President Joe Biden will lose what’s called the trade promotion authority on Thursday. And he’s not putting up a fight about it.
The TPA is the ability to negotiate a trade deal and submit it to Congress without risk of Congress rewriting it. Most recently granted in 2015, it’s a power that has come and gone in U.S. history.
Picture it: 1828, John Quincy Adams is president, and Congress passes something called the Tariff of Abominations.
“It wasn’t formally named that, but that’s the moniker it was given after it was passed,” said Doug Irwin, a professor of economics at Dartmouth College.
Congress was fighting over whether tariffs should be high or low.
“The opponents of the high tariffs kept adding to the tariffs in hopes it would become so bad that other members of Congress would vote it down, but instead other members said, ‘Hey, this is actually pretty good,’ so that’s why they called it an abomination afterward,” he said.
It is an example of how Congress can mess up trade policy. In 1974, as trade deals became more complex, Congress agreed to temporarily give the president authority to negotiate with other countries over trade.
It’s a take it or leave it kind of thing, said Mary Lovely with the Peterson Institute for International Economics.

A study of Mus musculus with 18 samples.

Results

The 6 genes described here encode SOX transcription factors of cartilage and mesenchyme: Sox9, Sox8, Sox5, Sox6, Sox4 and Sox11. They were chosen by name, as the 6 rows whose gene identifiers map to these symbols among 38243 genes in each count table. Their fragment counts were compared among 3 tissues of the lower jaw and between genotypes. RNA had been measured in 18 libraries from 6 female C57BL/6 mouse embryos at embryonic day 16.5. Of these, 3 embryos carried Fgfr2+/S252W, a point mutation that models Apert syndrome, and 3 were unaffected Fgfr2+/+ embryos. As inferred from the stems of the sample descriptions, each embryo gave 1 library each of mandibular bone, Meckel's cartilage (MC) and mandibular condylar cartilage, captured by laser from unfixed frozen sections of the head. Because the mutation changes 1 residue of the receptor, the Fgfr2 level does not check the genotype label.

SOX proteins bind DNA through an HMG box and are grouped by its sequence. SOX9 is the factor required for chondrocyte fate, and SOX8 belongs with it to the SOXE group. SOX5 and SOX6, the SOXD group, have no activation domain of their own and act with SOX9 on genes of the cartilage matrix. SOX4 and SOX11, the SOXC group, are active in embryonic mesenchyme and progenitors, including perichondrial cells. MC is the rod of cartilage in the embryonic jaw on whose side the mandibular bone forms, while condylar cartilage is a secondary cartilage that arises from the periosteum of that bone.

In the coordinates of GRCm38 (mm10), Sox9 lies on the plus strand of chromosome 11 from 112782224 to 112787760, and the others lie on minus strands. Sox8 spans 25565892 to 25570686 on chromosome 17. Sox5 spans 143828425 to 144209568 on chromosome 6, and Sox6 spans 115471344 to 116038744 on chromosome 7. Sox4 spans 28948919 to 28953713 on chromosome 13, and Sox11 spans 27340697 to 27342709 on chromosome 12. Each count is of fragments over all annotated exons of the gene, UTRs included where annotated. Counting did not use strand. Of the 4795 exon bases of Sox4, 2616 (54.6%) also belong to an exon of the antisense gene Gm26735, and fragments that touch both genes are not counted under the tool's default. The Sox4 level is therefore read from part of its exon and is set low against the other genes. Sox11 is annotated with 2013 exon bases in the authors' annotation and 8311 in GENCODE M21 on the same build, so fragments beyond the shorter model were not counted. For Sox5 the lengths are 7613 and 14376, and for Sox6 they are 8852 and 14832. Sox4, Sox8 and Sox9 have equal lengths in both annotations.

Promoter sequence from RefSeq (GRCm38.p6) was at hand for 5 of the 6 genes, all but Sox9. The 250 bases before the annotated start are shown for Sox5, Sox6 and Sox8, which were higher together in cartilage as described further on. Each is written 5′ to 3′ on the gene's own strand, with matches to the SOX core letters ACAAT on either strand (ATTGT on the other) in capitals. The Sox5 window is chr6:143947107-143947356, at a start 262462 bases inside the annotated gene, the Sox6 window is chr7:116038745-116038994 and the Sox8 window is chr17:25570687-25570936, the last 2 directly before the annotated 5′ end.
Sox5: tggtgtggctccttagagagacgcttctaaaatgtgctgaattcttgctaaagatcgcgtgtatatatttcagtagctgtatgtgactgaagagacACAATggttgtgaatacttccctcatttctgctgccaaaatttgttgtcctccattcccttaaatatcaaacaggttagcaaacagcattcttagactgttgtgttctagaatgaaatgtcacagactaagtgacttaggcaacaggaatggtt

“Basically means that once an agreement is reached by the president, Congress needs to vote it up or down,” Lovely said.
Antonio Ortiz-Mena of the Albright Stonebridge Group helped negotiate the original North American Free Trade Agreement on the Mexican side.
Without trade promotion authority, he said, “you would never end up concluding the negotiations you would be negotiating with the executive branch, and then you would be negotiating with dozens of House members and senators.”
Too many cooks in the kitchen. Biden is letting that power lapse mostly because the trade deal kitchen is closed. He wants to focus on enforcement of existing trade deals before going through the ordeal of creating new ones.